I was 6 years old in 1976 when Black History Month was officially instituted by President Gerald R. Ford for national observance. I still recall how my homeroom teachers, February after February, would display pictures of famous African-Americans – Frederick Douglass, Langston Hughes, Shirley Chisholm, Rosa Parks and, of course, the Rev. Martin Luther King Jr. – only to relegate those photos to storage bins at the end of the month. I never wondered at the time about the many, many others whose achievements were ignored, or about why the accomplishments of African Americans only warranted discussion one month of the year.
Today, white Americans like me, who were systemically raised to be the dominant caste of our country, are more sensitized than ever to the inequities of life for people of color. Recent books and documentaries have awakened many to the reality of institutionalized racism, as has the constant cycle of disturbing news stories broadcast before our eyes.
Perhaps the most crushing consequence of ingrained racism is the squandered potential of millions of our fellow Americans of color. Isabel Wilkerson, in her stunning book, “Caste,” writes, “The institution of slavery created a crippling distortion of human relationships where people on one side were made to perform the role of subservience and to sublimate whatever innate talents or intelligence they might have had.”
Black History Month, inspired by historian Carter G. Woodson, was a bold initiative to raise up African Americans as valued contributors to our nation, not as token symbols to be forgotten following each February. I’d like to think that our role is not simply to learn about our blemished national history, but to take ownership of our personal responsibility to move our nation forward.
Our Torah, no less than 36 times, implores us to love the stranger in our midst; there are laws, in fact, that guide us on how to engage and support our neighbors. Moreover, Jews have long been players in the cultural and political life of the Diaspora communities in which they have settled. In this respect, it would do us well to recall the timeless words of Rabbi Tarfon, “You are not obligated to complete the work, but neither are you free to desist from it (Pirke Avot 2:16).”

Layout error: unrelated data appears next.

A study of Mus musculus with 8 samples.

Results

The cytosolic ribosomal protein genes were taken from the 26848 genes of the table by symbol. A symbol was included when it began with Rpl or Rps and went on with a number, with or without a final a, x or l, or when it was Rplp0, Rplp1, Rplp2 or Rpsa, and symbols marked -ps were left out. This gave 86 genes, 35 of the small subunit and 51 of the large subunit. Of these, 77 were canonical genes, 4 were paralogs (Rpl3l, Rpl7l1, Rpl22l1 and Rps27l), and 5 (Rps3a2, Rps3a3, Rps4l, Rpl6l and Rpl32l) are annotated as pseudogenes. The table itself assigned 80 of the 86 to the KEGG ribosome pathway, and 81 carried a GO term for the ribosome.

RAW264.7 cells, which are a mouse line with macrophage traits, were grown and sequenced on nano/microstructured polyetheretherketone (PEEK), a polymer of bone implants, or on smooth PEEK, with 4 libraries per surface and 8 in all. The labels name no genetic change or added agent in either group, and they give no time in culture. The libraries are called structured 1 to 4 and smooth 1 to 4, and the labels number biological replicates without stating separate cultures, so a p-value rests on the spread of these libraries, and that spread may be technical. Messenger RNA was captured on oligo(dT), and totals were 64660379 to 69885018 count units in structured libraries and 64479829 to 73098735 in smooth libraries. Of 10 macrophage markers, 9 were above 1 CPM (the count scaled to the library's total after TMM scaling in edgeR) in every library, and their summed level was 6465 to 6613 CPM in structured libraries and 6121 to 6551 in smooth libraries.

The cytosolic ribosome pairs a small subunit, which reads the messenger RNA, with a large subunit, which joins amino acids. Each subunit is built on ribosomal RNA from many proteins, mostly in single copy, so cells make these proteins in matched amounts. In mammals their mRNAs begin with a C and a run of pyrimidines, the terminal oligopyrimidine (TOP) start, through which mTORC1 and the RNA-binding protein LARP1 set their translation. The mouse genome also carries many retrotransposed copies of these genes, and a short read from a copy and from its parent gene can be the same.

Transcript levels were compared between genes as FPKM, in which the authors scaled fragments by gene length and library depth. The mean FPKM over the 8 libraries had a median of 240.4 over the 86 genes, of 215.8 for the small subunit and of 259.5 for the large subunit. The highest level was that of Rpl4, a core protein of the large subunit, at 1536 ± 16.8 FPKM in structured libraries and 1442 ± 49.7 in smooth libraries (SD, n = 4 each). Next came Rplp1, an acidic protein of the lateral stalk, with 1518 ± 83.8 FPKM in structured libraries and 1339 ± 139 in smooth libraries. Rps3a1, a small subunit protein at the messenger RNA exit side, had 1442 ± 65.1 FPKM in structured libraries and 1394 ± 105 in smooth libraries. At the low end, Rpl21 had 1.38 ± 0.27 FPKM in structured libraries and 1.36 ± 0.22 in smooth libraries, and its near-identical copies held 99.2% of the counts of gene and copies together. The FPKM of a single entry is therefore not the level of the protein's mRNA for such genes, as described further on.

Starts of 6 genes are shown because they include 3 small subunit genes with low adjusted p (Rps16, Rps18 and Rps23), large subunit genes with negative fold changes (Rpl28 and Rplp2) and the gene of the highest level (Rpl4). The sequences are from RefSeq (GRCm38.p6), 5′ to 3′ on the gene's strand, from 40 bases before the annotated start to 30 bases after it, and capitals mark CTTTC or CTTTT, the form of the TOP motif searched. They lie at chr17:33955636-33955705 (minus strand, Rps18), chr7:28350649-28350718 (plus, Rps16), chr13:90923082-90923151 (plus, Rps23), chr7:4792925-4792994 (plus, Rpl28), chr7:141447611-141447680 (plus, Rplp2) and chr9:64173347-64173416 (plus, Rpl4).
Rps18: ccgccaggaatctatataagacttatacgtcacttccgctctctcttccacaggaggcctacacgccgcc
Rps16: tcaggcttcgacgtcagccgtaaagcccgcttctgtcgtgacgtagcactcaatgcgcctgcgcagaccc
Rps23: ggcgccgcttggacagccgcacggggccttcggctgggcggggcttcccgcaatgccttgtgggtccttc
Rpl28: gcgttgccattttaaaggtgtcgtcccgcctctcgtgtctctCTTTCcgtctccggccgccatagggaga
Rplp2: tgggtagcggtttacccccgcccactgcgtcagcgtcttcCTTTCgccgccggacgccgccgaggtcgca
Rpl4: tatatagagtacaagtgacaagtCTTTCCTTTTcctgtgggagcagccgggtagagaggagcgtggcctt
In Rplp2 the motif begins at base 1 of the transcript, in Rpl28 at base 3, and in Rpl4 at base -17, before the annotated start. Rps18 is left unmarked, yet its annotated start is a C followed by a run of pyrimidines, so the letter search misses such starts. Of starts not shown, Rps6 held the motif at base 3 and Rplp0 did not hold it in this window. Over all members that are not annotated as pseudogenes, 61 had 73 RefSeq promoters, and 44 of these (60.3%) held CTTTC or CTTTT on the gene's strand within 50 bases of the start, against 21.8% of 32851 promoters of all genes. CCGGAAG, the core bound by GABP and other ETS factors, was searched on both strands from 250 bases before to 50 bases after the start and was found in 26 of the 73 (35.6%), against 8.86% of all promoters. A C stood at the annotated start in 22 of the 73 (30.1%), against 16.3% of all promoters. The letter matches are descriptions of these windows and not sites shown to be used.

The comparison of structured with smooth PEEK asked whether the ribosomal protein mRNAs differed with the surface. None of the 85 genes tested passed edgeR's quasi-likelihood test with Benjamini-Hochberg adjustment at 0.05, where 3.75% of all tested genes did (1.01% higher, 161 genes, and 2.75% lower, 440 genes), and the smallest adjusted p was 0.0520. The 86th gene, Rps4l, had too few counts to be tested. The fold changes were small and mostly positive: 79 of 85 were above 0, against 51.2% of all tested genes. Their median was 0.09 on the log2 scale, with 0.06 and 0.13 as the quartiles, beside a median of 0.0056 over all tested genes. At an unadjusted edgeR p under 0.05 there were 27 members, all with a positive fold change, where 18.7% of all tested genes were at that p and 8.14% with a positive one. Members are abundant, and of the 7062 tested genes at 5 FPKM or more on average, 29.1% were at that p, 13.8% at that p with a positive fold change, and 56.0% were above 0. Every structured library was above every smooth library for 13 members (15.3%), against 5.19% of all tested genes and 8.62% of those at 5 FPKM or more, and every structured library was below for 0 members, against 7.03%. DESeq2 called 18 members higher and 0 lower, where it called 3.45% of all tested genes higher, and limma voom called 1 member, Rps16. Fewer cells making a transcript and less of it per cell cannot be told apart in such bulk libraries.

Last July, Cuyahoga County Council passed a resolution declaring racism a public health crisis, and County Executive Armond Budish nominated 17 community leaders, including me, to a citizens’ advisory council on equity. The council has resolved to address four areas: health and health care, economic opportunity, equitable quality of life, and criminal justice.
In the short time I have served on the council, I have learned that systemic change requires steadfast vigilance and strategic thinking. It is heartening to share that many who operate inside of our county’s criminal justice system acknowledge the great amount of work that needs to be done, and have even asked to be held accountable.
That is a small step in the right direction. When we free every Black life in our country from racism’s grip, we will all benefit from the limitless potential that every person can offer this flawed and great republic. May we reach a new day in this country when the names and contributions of great African Americans, past and present, are as recognizable to every American as their white counterparts.
Rabbi Joshua Caruso is a rabbi at Anshe Chesed Fairmount Temple in Beachwood.